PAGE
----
As crowds gathered at World Science Festival Brisbane, baby loggerhead turtles took their first look at the world, slowly but steadily hatching out of the safety of their shells and welcomed enthusiastically by participants. The festival saw the hatching of 58 loggerhead turtles that were later released into the East Australian Current (EAC).
The precious hatchlings started their journey in January, where they were collected from nest at Mon Repos, near Bundaberg, as part of the world-renowned Queensland Turtle Conservation (QTC) project. They were meticulously incubated at exactly 29.9°C for their hatchings to be timed over the five days of the festival.
After wriggling out of their shells, the hatchlings spent serveral days in an incubator before being transported to Sea Life Sunshine Coast for their release. “Usually at this stage of life, they would still be buried deep within the nesting chamber and unable to crawl to the surface until their bodies had fully straughtened,” says Queensland Museum reptile curator Patrick Couper.
“But during the festival, visitors had the unique chance to view this wonderful stage of life that is usually hidden from public view,” he comments. Due to the unpredictable weather cycles caused by ex-Tropical Cyclone Debbie, the hatchlings were holding out at Sea Life Sunshine Coast, which turned out to give them the best chance of survival.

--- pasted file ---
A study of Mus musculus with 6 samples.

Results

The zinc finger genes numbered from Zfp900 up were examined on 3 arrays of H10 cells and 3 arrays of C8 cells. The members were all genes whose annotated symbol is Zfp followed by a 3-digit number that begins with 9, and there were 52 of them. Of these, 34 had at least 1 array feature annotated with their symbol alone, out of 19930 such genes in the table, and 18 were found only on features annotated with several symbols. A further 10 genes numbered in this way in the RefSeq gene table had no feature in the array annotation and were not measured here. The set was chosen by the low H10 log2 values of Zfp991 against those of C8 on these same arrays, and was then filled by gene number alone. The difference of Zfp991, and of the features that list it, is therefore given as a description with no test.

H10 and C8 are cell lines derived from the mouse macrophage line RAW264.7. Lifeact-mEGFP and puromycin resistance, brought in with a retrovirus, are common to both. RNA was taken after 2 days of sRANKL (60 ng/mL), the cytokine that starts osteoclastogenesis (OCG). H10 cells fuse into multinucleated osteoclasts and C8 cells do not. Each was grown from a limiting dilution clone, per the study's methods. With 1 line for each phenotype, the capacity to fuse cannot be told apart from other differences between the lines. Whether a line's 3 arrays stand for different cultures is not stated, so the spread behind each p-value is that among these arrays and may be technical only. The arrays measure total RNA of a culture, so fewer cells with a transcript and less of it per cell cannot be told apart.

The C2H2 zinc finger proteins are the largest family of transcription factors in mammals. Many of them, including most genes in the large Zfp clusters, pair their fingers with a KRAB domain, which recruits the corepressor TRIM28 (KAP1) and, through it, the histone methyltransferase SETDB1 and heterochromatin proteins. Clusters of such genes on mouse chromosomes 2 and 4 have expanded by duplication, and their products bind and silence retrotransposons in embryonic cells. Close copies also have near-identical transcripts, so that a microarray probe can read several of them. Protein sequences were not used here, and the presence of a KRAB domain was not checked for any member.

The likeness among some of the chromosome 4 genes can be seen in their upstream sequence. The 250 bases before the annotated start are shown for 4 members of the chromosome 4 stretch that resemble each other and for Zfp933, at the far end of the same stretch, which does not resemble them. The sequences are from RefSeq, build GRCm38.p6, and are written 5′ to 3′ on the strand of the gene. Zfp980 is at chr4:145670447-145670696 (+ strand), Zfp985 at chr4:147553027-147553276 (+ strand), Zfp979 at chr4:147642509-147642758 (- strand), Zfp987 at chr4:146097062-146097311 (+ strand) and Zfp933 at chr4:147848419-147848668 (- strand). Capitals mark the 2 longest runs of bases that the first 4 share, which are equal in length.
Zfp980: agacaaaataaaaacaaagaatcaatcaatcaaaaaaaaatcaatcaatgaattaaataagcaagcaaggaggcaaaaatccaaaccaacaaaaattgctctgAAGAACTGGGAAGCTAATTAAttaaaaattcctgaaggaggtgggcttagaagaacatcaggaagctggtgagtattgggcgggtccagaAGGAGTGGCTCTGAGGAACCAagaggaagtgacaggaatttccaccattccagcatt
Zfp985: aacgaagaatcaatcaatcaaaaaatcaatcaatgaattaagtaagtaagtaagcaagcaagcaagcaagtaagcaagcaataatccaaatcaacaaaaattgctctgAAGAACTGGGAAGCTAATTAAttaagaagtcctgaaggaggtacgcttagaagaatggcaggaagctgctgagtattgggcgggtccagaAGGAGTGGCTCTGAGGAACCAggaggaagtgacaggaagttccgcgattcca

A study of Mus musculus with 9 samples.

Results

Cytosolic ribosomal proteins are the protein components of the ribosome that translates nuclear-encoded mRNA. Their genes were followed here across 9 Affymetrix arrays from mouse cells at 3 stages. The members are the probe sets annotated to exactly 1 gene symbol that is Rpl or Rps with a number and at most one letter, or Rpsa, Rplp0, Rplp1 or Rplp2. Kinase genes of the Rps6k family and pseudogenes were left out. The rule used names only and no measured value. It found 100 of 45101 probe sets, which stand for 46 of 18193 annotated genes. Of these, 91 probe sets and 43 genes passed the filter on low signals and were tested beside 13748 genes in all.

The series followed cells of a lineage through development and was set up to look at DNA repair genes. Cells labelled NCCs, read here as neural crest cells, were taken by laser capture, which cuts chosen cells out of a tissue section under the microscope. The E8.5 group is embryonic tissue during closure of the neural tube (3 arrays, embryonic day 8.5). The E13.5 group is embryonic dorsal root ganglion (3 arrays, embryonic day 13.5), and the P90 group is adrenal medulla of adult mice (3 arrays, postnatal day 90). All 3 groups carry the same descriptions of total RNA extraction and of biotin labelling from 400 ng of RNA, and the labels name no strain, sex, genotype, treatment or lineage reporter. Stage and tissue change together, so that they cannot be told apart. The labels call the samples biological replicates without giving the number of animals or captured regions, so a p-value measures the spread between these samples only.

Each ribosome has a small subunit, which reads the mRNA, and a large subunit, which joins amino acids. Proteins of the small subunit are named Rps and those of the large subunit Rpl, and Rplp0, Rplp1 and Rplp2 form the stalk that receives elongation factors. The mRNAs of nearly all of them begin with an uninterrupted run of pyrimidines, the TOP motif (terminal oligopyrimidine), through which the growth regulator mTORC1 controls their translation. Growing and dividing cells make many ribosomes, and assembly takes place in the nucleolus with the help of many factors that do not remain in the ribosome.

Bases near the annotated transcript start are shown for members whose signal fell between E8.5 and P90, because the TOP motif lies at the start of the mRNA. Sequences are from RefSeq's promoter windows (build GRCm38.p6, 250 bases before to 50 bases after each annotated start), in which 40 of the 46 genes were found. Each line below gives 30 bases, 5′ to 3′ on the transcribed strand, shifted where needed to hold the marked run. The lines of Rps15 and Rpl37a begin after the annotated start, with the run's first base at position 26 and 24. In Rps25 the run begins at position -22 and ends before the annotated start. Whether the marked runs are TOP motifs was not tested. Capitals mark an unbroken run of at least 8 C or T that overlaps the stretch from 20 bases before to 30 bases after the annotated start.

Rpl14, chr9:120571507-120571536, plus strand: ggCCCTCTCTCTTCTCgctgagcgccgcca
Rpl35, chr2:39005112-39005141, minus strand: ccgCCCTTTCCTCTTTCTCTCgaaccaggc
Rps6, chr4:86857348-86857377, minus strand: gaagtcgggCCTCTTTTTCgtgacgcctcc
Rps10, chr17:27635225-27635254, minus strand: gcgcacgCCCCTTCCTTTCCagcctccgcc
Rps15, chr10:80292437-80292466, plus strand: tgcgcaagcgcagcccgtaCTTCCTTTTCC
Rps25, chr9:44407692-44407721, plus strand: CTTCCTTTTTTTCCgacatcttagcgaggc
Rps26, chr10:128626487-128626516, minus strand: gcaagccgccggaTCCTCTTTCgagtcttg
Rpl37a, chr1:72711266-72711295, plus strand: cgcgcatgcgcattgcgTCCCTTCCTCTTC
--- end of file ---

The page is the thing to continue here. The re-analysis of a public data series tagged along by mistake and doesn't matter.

The Queensland Turtle Research Program, designed and led by Dr. Colin Limpus, who coordinates the project for the Department of Environment and Heritage Protection (DEHP), is in its second year at World Science Festival Brisbane, and will be celebrating it’s 50th anniversary in 2018.
“Through this project we have helped to raise awareness of the current conservation status of loggerhead turtles, as well as highlighting ways individuals can assist in the preservation of turtle habitats in South East Queensland,” says Professor Suzanne Miller, Queensland Museum Network CEO and Director.
“The project has been an enormous success and from the number of people lining up to witness the miracle of these loggerheads hatching, it’s without a doubt one of the most popular events on the World Science Festival Brisbane calendar.”